Chancellor says UK facing very difficult times
Chancellor of the Exchequer George Osborne admitted this afternoon that the government will not meet its Budget forecasts for UK economic growth and borrowing.
In his Autumn Statement, Mr Osborne reduced forecasts for UK growth to 0.9% this year, 0.7% next year and 2.1% in 2013.
In March’s Budget the independent Office for Budget Responsibility estimated that the UK economy would grow by 1.7% in 2011 and 2.5% in 2012.
Mr Osborne also said that although borrowing was falling, this was not happening as quickly as expected because of the ongoing eurozone crisis.
As a result of lower than expected economic growth, borrowing is expected to be £5 billion more this year than originally forecast, £19 billion more than expected next year and £30 billion higher than anticipated in 2013-14.
Following yesterday’s predictions by the OECD of a second global economic crisis, the Chancellor promised to guide the UK through the impending ‘storm’ of a double-dip recession and said he would push forward with his plans.
He announced a number of new measures including a 1 per cent cap on public sector pay rises after the current pay freeze ends next year.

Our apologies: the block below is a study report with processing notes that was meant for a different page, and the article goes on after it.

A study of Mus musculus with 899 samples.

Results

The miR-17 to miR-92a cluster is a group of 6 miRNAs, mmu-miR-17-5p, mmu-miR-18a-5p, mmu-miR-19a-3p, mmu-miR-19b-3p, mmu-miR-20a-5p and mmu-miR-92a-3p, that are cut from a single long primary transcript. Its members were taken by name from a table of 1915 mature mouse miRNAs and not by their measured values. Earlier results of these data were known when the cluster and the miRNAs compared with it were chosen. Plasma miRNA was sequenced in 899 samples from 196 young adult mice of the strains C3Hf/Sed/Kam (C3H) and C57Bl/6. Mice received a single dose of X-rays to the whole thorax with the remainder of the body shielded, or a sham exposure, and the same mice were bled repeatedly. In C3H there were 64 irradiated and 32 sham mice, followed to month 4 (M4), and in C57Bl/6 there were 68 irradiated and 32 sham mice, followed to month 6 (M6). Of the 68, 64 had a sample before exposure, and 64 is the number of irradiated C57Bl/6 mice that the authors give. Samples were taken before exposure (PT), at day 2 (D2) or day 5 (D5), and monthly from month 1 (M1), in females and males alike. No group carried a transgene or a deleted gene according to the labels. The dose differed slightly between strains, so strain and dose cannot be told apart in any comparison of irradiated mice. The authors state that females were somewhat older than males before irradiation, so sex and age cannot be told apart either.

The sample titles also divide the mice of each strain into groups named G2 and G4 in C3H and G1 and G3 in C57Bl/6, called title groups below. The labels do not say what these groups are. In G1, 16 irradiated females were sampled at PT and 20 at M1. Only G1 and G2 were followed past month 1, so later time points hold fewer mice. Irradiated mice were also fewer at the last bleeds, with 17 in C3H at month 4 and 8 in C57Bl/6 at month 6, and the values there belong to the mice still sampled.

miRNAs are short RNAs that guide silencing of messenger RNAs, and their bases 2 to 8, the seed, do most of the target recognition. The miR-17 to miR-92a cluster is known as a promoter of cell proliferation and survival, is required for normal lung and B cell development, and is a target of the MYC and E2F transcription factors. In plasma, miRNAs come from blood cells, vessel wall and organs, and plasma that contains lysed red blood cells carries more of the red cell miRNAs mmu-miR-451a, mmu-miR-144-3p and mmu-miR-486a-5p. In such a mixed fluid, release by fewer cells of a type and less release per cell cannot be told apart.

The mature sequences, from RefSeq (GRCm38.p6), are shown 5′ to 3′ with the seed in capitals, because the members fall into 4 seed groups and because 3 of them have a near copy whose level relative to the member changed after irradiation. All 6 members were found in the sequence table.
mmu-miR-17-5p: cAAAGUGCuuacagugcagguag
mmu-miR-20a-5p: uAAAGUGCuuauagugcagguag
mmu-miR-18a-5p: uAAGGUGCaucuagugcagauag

The Office for Budget Responsibility has increased its forecast for total public sector job losses to 710,000, from a previous estimate of 400,000.
As the OECD warned of the possibility of a double-dip recession, the governor of the Bank of England, Sir Mervyn King, said the UK’s banking system could fail if the debt crisis in the Eurozone spreads to other countries.
In his annual report, Sir Mervyn said: “The unfolding euro-area crisis and the associated tensions in financial markets and the world economy now threaten the UK recovery.”
“Over the past quarter I think all banks have become less safe because our banking system is exposed to the euro area,” he said.